A good Halloween read: Bedbugs

Bedbugs will draw you in with psychological terror …

Clean and taut with soul-baring inner monologues, as well as more everyday glimpses into the ho-hum life of a stay-at-home mom/frustrated aspiring artist, Winters delivers prose that delicately piles on the novel's mounting intensity, using both light humor and doom. His cleverly candid style feels almost too intimate as he draws parallels between the pricks of the bedbugs and Susan's nagging insecurities about her marriage and identity.

We first get to know the Wendts when they are on the hunt for elusive affordable but comfy home in the Big Apple. When they find their dream apartment, they are willing to overlook the the strange quirks of their new household and eccentric landlady, Andrea .

Susan realizes that the spacious and charming home in Brooklyn was indeed too good to be true; it's crawling with bedbugs, but no one believes her. She awakens every morning with fresh bites, but neither Alex nor their daughter, Emma, has a single welt. An exterminator searches the property and turns up nothing. Andrea is of no help, and Susan fears she’s going insane — until a more sinister explanation presents itself.

For the first two thirds of the novel, the new domestic situation gradually gets out of hand. Some mysterious figures from the house's past and peripheral characters add intriguing side notes but unfortunately get short shrift. In the end, Susan's struggle with her infestation and its attendant psycho-trauma are the selling point of Bedbugs.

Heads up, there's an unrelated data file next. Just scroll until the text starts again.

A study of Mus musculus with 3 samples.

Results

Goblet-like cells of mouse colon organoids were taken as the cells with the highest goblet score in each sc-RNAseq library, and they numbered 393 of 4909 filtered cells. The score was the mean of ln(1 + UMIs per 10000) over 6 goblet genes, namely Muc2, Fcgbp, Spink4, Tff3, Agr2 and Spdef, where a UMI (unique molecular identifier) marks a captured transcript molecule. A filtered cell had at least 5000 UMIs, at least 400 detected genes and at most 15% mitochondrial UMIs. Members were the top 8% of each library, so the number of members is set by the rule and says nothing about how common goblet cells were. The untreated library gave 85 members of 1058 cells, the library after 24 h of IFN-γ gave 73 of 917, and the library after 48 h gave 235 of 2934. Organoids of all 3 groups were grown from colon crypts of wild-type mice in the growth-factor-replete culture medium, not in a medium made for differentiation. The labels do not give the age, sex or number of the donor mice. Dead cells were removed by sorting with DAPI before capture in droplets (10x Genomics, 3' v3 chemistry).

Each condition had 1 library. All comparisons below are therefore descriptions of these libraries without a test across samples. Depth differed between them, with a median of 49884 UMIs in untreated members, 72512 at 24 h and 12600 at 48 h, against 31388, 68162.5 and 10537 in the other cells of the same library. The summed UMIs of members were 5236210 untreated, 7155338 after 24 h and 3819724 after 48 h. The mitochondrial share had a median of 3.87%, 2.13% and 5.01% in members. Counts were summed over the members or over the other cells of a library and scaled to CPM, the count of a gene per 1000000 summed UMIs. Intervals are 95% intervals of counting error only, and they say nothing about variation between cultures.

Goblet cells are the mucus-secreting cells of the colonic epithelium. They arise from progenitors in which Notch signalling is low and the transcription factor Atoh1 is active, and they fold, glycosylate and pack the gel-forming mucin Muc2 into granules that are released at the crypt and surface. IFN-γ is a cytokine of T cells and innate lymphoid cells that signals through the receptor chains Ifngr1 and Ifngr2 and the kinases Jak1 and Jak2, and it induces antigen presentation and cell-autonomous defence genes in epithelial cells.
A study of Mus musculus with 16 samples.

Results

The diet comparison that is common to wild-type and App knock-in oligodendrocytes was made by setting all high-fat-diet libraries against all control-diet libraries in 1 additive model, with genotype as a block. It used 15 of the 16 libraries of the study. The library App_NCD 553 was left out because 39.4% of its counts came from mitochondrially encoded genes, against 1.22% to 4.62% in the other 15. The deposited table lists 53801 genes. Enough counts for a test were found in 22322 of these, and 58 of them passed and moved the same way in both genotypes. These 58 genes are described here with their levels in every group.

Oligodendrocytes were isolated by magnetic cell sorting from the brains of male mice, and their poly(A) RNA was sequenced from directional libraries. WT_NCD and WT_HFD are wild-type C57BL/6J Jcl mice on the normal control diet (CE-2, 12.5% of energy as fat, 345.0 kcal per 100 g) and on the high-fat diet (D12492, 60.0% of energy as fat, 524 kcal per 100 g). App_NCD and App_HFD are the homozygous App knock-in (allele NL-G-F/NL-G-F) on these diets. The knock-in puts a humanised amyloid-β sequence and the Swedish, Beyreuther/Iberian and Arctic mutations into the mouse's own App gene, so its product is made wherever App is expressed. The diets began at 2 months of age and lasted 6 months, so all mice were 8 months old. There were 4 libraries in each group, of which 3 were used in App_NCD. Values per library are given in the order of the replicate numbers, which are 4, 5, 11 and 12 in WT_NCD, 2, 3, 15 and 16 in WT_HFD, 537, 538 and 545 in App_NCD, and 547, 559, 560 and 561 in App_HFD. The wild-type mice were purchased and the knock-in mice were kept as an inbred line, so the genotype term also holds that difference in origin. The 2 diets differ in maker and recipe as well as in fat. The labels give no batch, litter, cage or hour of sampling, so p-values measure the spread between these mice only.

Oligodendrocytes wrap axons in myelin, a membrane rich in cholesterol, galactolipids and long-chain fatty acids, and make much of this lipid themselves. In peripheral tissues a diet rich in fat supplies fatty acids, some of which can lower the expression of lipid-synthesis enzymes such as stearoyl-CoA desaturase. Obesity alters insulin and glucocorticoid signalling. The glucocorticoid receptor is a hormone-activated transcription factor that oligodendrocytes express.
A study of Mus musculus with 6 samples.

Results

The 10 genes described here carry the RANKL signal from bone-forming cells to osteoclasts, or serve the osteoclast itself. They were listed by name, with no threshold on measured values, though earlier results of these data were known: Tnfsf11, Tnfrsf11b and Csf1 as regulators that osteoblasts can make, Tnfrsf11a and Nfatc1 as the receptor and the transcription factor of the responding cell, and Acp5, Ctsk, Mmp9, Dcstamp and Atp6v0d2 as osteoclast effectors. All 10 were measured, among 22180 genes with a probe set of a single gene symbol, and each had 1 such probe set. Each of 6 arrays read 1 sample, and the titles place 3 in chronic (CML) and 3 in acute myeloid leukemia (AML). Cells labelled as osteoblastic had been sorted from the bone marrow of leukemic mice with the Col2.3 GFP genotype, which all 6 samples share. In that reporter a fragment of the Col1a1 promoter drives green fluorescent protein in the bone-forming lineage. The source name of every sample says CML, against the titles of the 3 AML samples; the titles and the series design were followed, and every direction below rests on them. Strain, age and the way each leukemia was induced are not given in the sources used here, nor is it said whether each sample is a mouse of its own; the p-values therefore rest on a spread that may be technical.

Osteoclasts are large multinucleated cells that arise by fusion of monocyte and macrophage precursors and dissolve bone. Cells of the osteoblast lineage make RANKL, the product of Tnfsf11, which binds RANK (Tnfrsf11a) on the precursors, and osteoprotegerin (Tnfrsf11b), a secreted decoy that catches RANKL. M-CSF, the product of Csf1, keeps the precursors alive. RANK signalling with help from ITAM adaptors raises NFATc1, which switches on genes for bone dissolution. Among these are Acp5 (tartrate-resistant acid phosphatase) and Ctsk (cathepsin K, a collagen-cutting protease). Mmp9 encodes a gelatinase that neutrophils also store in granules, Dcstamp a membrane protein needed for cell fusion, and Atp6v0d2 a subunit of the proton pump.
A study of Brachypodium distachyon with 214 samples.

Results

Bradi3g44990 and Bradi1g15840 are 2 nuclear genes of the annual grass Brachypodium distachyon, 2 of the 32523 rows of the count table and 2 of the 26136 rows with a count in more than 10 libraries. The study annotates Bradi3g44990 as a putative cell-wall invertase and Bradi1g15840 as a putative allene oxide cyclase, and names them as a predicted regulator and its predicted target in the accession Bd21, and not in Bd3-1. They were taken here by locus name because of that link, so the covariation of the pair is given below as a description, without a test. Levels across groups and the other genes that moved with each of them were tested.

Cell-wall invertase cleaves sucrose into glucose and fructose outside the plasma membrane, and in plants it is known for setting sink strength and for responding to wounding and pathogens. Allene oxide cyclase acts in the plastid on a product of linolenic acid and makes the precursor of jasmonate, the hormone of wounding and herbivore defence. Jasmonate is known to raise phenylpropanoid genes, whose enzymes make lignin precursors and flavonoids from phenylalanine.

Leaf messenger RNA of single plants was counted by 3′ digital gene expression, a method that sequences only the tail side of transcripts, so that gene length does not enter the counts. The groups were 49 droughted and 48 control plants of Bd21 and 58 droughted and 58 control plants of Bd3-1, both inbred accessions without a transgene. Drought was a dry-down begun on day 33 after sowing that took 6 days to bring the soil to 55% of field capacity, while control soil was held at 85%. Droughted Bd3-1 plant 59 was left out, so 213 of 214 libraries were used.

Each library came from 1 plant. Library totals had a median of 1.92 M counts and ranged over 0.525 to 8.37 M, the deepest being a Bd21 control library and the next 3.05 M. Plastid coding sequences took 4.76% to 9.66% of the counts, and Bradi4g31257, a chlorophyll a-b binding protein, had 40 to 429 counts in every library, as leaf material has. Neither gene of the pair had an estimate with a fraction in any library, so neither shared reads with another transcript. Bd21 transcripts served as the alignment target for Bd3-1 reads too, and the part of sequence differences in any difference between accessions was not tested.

I can't emphasize enough the comparisons to Rosemary's Baby (and since I've read this, the similarities have been brought up ad nauseam in reviews); but though its reminiscences are unyielding — considering its frail but fierce Farrow-like heroine, Susan; its gaudily dressed and loopy landlady a la Ruth Gordon and oblivious, handsome hubby with semblances to John Cassavetes — once Bedbugs reaches its gross-out climax, the plot becomes more viscerally scary and literal with less subtlety than the 1968 Roman Polanski classic. My preference is a less overt and unspoken sort of fear factor, but Bedbugs captivated with a better-than-average horror story.

Pesky flaws aside, Bedbugs gets under our skin with the best of old-fashioned horror and newfangled gore.


Rosemary's Baby is one of my favorite horror films of all time because of its brilliantly rendered and seething buildup of anxiety and paranoia.

Bedbugs conjures a similar psychological terror — with the added creep factor of demonic insects, which made me itch just reading about them. The book not only plays on our fear of creepy-crawlies, but it brings up the persistent distrust of a woman's mental faculties, as well as that chilling fear of the pervasiveness of evil.

Written by New York Times writer Ben H. Winters, Bedbugs introduces us to Susan and Alex Wendt, a young, yupster NYC family who's attractive, charming, witty and nearly perfect; too unconventional to be suburbanites but too stable to live on the fringe. Winters familiarizes us with his characters lovingly with nuance.